Understanding MS: A Primer for the Newly Diagnosed (Part 2)

March is Multiple Sclerosis Awareness Month

In this three-part series, Understanding Multiple Sclerosis: A Primer for the Newly Diagnosed, Inova explores how individuals living with multiple sclerosis (MS) can live better physically, mentally and emotionally.

Part 1: Recognizing MS Symptoms

Part 2: Understanding MS Treatment Options

Part 3: 10 Ways to Live Better with MS

Rahul Davé, MD, PhD, is Medical Director, Multiple Sclerosis and Neuroimmunology Center in the Inova Neuroscience and Spine Institute.  

No two MS patients experience the same disease course. Depending on an individual’s course, however, MS symptoms can be quite manageable. As the Medical Director of Inova’s Multiple Sclerosis and Neuroimmunology Program, my goal is to help patients live well with MS. If you are diagnosed early, it’s realistic to hope to live a normal life.

If you have recently learned you have MS, you should know that many good treatments exist – including four new ones approved in the last year – that can help slow progression of the disease and sometimes lead to improvement.

Types of MS Medications

MS medications “redirect” the immune system away from the brain, leading to better short- and long-term outcomes. Treating MS with so-called disease-modifying therapies, or DMTs, has been proven to lead to less-frequent relapses as well as slow, or even prevent, progression. Some patients can improve with treatment.

More than two dozen medications are available to treat MS, and it is the job of an MS specialist to match the right treatment to each patient. Some MS medications are taken by mouth, while others are injected and/or administered intravenously, usually in a hospital.  Intravenous medications can prevent a relapse from becoming more severe and causing permanent damage.

Managing Relapses

When MS relapses occur, prior symptoms can flare up or new ones can emerge. Typically, MS medications work better on easing relapses than preventing the disease from progressing over time. It is also more difficult to treat patients whose disease continues to progress without relapses. Nevertheless, treating MS relapses is important, because we know this can delay or stop progression and that some medications can slow progressive disease.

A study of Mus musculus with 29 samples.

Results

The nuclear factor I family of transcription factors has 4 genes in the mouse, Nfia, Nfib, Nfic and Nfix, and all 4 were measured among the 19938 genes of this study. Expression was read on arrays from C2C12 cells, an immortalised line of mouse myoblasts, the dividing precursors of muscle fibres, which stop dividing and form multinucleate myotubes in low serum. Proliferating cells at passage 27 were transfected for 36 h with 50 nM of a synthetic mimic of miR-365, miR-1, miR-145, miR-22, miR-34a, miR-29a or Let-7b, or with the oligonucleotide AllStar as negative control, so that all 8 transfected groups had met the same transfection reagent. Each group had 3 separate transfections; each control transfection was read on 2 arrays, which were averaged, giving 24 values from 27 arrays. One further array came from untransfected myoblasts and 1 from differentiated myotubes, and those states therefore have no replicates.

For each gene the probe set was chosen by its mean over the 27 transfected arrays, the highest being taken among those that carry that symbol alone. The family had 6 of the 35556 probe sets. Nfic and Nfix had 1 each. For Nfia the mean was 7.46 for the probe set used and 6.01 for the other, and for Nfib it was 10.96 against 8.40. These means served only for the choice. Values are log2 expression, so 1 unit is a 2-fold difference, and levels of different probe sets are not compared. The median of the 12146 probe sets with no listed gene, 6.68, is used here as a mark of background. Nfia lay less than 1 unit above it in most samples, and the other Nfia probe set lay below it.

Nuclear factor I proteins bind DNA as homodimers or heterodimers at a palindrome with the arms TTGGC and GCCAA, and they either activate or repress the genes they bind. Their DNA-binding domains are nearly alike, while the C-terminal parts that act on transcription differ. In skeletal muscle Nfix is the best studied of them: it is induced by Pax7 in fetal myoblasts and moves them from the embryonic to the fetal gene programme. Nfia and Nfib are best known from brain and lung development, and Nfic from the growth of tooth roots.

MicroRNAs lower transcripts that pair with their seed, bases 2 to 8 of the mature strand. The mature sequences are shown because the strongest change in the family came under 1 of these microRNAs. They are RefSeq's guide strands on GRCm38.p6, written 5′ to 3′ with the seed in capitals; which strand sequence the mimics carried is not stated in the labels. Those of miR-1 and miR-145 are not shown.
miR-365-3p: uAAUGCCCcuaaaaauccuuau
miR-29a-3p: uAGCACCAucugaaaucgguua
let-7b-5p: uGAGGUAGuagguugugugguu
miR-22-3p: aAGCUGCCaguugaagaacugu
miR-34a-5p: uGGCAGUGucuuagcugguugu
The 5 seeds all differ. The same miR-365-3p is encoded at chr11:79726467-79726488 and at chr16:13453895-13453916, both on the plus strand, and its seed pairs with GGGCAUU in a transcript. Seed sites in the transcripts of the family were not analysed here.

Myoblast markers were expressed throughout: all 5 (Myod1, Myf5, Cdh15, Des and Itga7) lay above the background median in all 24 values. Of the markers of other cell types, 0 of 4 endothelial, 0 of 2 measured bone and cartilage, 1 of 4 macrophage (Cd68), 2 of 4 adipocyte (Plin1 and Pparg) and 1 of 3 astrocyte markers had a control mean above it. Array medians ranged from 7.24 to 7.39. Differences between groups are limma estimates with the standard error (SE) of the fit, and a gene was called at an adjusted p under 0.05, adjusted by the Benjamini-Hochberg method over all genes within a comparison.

It is important to distinguish between a true relapse – which suggests the MS is not completely controlled, and the brain is at risk of injury – and a pseudo or “false” relapse. Pseudo relapses can be due to factors such as infection, dehydration, fever or exercise, but the brain isn’t at risk of further damage. An experienced MS neurologist can distinguish the two, sometimes with the help of an MRI scan.

What medications can help with MS relapses? If severe – including vision loss, poor balance or increased weakness – your doctor may prescribe corticosteroids to tamp down inflammation. These and other medications used for relapses include:

  • High-dose Solu-Medrol (methylprednisolone by IV)
  • High-dose Deltasone (prednisone by mouth)
  • HP Acthar Gel (ACTH by injection)

Patients whose relapses or disease progression has led to damage to parts of their brain can experience significant or worsening symptoms. For these patients, symptom management is a key part of their overall treatment plan.

Comprehensive Approach

Medications are just one tool to treat MS, but optimal treatment requires a comprehensive approach. Recent research suggests that controlling other chronic diseases like diabetes, high blood pressure and sleep apnea might also help control MS progression. Finally, optimizing diet, nutrition and exercise are critical to a patient’s overall outcome. [See more on these tactics in Part 3: Living Well with MS].

Since MS symptom severity can vary day by day, patients and physicians should act as partners in managing symptoms. In addition to an MS specialist, other specialists can be pivotal in helping lessen debilitating MS symptoms. These include urologists, pain specialists, rehab therapists, ophthalmologists, gastroenterologists and neuropsychologists. Many such Inova specialists with special interest and expertise in treating MS patients practice in the Northern Virginia and Washington, DC region.   


To schedule an appointment with Inova’s Multiple Sclerosis and Neuroimmunology Program’s clinic, call 703-280-1234.

Our team includes neurologists, rheumatologists, infectious disease specialists, urologists, radiologists, rehab physicians and other specialists who work together to determine your care.

Inova is a designated member of the Consortium of Multiple Sclerosis Centers.


Living with MS is difficult. The condition is unpredictable, and symptoms come and go and affect people in different ways.

Read Part 1 of the Understanding Multiple Sclerosis article series here: Recognizing MS Symptoms.

Read Part 3 of the Understanding Multiple Sclerosis article series here: 10 Ways to Live Better with MS.

1 Comment

  1. Sandra on July 29, 2020 at 4:04 pm

    Thank you for making this information readily available!
    Hopefully more treatments will be posted here when they become available.